Ending a Feud Between Allies – NYTimes.com

The stakes are high for an alliance in Asia among a trio that needs to pull together, according to two Asia watchers.

Should these tensions continue, and deepen, they could undermine President Obama’s “pivot” to Asia. Without defense cooperation between South Korea and Japan, the United States cannot respond effectively to North Korea’s nuclear and missile provocations.

While the trilateral alliance does not seek to contain China, the absence of cooperation among the three like-minded allies on everything from cybersecurity to missile defense inhibits America’s capacity to shape China’s rise in constructive ways.

And the United States cannot work as effectively on a host of global issues, including climate change, international development, nuclear security and free trade without the cooperation of these two major economies.

via Ending a Feud Between Allies – NYTimes.com.


5 thoughts on “Ending a Feud Between Allies – NYTimes.com”

  1. So is it just me, or should the second paragraph quoted above should be roughly translated as: “The trilateral alliance seeks to contain China”?

    It sounds like this whole article is loaded with Orwellian doublespeak. Later the authors comment that “In the past, Washington forged cooperation by more or less forcing the countries to do its bidding”, but then you keep reading and they don’t actually say that this is a problem, just that the orders Washington is giving should change.

    I find this attitude concerning. I believe that people should spend more time worrying about what is good, and less time worrying about what leads to “further expansion of American power in the region”.

  2. I agree with the above post; I do not necessarily think that we need to worry about expanded American power in the region. The United States is declining as a superpower- most scholars agree with that- so perhaps we should be okay with moving from a unilateral system to a multilateral one. If we can avoid all the messy entanglements that caused World War I, a multilateral system can actually be quite stable.

    At the same time, however, I understand the importance of Asia to U.S. interests. It is important to not that cooperation between South Korea and Japan helps the United States to contain China, but perhaps even more important, it helps the United States deal with North Korea. That is not something to be taken lightly, and perhaps we should make moves to smooth over the situation between these two economic powers for the sake of global security before we seek to strength our own power in the region.

  3. If the United States can successfully ease the tensions between South Korea and Japan, it will earn a lot of respect from the international community and, at least temporarily, boost its standing as a global leader. After all, the feud between the two allies has lasted over half a century and, speaking from my limited personal experience, the Chinese/South Korean public still holds a certain bitterness towards the Japanese.

    The author makes an important suggestion that, unfortunately, I don’t think Mr. Abe will follow: to publicly acknowledge and apologize for the war crimes committed by the Japanese government. As difficult (or impossible) as this may be for Mr. Abe, it has been a terrible sticking point to the other Asian countries and would likely be graciously received by them.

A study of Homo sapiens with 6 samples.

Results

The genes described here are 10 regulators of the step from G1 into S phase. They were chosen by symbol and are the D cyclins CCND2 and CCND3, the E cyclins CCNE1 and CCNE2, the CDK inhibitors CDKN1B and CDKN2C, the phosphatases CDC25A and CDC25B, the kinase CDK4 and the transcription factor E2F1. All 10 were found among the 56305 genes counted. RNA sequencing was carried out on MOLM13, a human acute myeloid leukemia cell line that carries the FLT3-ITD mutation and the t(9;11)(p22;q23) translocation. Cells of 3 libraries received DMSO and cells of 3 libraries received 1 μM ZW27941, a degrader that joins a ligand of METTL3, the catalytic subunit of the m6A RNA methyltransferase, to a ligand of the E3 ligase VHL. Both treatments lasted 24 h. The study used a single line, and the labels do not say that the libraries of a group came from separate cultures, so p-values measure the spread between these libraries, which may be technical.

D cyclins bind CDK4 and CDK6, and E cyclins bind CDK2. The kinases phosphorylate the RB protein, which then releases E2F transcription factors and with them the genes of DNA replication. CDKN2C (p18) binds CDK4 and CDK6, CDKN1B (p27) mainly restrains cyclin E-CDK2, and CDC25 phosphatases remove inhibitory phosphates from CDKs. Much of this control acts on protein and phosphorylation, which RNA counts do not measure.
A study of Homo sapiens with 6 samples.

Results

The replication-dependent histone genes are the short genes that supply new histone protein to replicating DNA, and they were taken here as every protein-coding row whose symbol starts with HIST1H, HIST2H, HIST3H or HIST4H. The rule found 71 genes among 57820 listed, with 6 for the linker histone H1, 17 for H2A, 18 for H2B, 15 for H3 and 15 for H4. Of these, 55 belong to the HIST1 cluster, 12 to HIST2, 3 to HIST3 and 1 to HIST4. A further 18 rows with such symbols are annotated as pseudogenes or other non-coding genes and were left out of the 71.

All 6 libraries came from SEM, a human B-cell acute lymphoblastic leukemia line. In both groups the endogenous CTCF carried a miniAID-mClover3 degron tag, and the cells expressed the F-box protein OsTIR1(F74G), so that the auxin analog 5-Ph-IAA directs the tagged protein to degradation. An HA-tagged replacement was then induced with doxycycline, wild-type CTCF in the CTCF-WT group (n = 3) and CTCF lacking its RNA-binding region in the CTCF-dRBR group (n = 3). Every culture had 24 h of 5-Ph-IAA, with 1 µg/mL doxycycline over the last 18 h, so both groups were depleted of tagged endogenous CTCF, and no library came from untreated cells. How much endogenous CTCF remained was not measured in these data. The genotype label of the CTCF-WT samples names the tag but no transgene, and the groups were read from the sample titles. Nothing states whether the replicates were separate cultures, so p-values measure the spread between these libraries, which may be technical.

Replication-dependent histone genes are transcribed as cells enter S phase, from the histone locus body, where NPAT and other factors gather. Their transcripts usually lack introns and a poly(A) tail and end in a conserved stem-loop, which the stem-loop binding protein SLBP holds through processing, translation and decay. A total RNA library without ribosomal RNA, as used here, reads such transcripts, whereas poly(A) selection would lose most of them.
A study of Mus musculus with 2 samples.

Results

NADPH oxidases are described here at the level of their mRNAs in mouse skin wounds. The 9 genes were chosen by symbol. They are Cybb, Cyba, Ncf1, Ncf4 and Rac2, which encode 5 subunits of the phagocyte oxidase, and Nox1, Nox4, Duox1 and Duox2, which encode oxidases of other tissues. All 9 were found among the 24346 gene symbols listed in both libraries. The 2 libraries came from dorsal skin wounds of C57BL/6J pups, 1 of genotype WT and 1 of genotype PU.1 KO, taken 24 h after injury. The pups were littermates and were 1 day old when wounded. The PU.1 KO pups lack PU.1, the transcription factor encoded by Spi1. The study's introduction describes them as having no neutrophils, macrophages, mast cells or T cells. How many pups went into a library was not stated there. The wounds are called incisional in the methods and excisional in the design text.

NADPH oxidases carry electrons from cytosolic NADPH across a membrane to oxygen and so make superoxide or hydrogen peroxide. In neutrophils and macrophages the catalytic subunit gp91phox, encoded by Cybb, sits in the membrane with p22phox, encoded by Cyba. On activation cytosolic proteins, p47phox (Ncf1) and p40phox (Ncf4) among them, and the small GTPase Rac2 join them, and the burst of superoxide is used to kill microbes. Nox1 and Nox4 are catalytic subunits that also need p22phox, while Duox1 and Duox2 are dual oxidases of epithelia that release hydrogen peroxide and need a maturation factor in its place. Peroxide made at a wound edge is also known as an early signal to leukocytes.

1. But from a political standpoint admitting the war crimes and apologizing would be career suicide. Abe would lose face in front of his people and would never have a place in politics again. From my understanding, as long as they don’t admit it, then to the Japanese, it never happened. I know that countries all over east and southeast Asia still have massive antagonism for Japan (fully justified), and I don’t think that’s going to go away anytime soon. But if you asked Americans 60 years after the Revolutionary war how they felt about the British, you would probably get similar responses. The only way to get rid of these emotions is to wait until the generations who experienced Japanese colonialism first-hand are no longer a part of society. It’s going to take a lot of time that we don’t have, but I think that the passing of time will mend rifts much better than forcing the Japanese to stand in the limelight and be publicly humiliated by smug leaders of the rest of Asia.

  4. I served my mission in Korea and experienced first hand the utter hatred felt towards the Japanese for the atrocities they committed during WWII. One day, a college student stopped me in the street and asked me to participate in a documentary she was working on. She explained that it was for the women, who during WWII, were sexually taken advantage of by soldiers in the Japanese military. The women, now in their later years, still feel bitterness and total resentment towards Japan for what happened to them. I still remember the frustration that student showed when I told her I was not aloud to participate in projects of that nature. My second companion was a native Korean and would always tell me about the “evils of Japan”. His attitude was passed down to him from his father. Speaking for Korea, and according to my understanding Asia as a whole, Asians are a very emotionally driven people. Tradition and honor play a huge role in their society. A public apology from Japan could really alleviate some of the animosity felt by China and South Korea. It may be humiliating but of course that is what the other countries want to see. Such an apology may be what it takes for other leaders to start working with Japan.